It was a parent match made in heaven.
As the months flew by, six hours gradually turned to eight and finally, she was sleeping throughout the entire night. We slept peacefully. We had successfully stopped co-sleeping and there were no complaints in the sleep department. I didn’t feel exhausted and I reveled in the fact that I had a baby that slept through the night without reading any manuals or incorporating any sleep interventions.
Fast forward and our toddler continued her reign of good sleep until the r-word reared its ugly head. At approximately one in the morning, shrills came from our daughter’s room that sent us in panic. My husband raced to her room and returned minutes later with our teary-eyed girl. She had refused to go back down in her crib. It was too late to put up a fuss and sleep was waiting on the other line. We coaxed her back to sleep and agreed that she could stay a night in our bed. Less than twenty minutes later, she popped up and began crying again.
We were petrified. The thermometer had a normal temperature, she wasn’t hungry or thirsty. There weren’t any rashes, swollen areas, or bug bites. We racked our brains for the next two hours as she whined and eventually fell back asleep. The next morning was brutal but she woke up with a smile and as cheerful as ever. My fatigue faded because she was well and didn’t show any signs of illness. My husband and I chalked it up to nightmares and didn’t think twice.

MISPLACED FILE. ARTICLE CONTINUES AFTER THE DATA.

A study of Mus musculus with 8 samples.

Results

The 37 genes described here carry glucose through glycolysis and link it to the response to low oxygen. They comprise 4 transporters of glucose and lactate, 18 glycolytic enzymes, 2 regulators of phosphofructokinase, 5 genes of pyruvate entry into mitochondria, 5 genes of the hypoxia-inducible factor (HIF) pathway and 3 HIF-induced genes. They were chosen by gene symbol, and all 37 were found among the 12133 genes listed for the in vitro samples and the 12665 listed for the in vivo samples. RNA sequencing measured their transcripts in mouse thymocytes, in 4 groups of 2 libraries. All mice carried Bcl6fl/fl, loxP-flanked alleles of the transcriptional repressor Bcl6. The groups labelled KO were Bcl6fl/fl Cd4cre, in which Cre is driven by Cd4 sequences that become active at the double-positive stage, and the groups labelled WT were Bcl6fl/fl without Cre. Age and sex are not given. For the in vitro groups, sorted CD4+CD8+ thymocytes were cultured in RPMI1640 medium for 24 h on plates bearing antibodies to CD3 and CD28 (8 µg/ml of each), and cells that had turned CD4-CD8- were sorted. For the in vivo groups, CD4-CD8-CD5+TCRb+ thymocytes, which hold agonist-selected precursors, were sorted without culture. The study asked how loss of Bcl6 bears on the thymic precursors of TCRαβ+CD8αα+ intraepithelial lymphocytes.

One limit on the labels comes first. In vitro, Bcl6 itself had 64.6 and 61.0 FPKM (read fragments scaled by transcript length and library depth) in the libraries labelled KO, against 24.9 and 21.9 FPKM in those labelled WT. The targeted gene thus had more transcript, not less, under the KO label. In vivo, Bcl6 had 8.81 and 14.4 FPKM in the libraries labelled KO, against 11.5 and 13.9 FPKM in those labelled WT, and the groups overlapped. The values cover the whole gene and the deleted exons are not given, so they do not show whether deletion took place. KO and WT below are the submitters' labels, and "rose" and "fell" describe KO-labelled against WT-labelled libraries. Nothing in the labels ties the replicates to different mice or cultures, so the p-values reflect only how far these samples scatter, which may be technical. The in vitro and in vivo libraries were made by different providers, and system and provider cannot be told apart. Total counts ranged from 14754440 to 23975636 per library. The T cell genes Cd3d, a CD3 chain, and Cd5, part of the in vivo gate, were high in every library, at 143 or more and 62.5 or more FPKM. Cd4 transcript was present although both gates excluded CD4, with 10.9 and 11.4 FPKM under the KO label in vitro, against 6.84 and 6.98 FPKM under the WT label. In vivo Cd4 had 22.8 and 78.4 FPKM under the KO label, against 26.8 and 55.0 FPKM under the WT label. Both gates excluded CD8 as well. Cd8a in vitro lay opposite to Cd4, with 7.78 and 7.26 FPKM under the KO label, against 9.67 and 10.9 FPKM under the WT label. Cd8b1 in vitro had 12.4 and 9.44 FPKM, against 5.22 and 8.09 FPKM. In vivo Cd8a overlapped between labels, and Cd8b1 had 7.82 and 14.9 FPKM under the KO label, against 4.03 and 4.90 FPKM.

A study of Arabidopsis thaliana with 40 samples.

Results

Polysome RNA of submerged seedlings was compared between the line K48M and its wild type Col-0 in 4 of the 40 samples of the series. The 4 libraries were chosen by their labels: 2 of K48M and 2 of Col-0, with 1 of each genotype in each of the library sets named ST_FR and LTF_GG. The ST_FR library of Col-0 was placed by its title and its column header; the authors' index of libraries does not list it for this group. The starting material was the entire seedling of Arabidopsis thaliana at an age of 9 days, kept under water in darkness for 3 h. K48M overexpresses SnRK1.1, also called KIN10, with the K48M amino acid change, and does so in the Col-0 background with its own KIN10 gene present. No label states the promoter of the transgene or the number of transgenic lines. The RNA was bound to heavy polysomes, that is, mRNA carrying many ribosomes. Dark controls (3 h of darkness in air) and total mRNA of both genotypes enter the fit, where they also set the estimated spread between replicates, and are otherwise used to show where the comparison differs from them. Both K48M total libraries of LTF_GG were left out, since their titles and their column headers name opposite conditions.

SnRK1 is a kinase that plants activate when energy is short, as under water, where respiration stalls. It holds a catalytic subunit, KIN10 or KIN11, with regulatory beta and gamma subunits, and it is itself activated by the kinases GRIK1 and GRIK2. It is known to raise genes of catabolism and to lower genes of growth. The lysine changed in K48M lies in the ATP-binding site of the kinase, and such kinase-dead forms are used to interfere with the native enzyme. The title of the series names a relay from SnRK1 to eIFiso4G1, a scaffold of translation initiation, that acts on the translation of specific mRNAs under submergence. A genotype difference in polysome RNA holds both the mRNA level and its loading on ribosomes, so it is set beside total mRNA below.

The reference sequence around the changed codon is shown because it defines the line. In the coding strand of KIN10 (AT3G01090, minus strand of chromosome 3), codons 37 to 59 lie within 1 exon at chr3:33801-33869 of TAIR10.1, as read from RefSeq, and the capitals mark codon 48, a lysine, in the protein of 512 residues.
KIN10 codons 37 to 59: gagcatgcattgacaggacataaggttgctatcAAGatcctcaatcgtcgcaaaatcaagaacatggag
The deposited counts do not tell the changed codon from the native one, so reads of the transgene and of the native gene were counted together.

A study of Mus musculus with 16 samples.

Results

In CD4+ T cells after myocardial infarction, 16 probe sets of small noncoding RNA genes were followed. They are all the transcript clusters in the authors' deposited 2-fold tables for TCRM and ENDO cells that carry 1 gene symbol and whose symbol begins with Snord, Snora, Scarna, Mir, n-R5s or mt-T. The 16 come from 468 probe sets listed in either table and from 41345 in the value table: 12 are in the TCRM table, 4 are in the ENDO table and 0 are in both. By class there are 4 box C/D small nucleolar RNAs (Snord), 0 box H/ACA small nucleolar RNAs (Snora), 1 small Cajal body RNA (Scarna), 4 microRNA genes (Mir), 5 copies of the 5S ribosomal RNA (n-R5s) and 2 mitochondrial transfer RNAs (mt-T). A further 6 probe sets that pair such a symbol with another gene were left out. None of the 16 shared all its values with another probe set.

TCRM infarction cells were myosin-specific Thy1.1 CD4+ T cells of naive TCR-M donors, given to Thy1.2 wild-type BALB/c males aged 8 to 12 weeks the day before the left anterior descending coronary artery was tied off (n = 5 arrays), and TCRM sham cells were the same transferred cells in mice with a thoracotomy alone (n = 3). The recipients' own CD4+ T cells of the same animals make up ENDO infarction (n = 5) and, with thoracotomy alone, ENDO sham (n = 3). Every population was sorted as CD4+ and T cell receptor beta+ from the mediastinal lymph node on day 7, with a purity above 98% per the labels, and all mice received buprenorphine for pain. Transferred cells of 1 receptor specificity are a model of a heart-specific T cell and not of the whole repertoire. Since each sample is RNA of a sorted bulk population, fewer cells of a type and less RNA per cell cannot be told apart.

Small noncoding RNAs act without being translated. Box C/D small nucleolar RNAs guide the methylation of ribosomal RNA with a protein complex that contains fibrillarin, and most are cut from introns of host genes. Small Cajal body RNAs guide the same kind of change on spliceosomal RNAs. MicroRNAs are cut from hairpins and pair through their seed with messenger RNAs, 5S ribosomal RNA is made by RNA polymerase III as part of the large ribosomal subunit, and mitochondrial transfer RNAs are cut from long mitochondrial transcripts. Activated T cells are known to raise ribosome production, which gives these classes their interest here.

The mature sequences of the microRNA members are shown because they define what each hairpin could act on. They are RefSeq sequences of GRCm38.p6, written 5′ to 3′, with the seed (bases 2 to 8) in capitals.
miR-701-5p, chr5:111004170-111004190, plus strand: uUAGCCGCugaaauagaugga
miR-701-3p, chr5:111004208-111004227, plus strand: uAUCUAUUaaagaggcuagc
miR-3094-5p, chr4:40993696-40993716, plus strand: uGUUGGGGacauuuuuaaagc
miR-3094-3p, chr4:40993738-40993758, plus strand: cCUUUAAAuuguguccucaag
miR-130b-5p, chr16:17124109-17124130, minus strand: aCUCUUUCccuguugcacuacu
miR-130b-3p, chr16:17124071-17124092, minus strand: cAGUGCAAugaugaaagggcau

Three sleepless nights later, we had shuffled up enough research to conclude that it was sleep regression.
Though it seemed to have an answer that was helpful, it was a hard truth. How? She had spent well over a year sleeping throughout the night and now this “regression” thing was lingering in our home. The next two weeks were a living hell. Every night between one and two a.m., she would wake up and cry intermittently for two hours. As new parents, this was our first rodeo. We sang songs, offered snacks, gave extra cuddles and read Goodnight Moon a million times. Nothing worked. My mom friends advised me that it would eventually go away. Things would get back to normal and we would sleep again. Now, I identified with the part of motherhood that called for sleepless nights and dragging days.
My co-workers and friends could see and hear the exhaustion on my face and in my voice. Every morning and night were a struggle to stay awake and not lose my temper. We fared as best as we could, and eventually, we made it out!
Occasionally, she stirs and my anxiety shoots through the roof. The thought of repeating those sleepless weeks is a hard pill to swallow. As for now, we have been reacquainted with sleep and I vow to never take it for granted again. Dear regression, we rescind your invitation.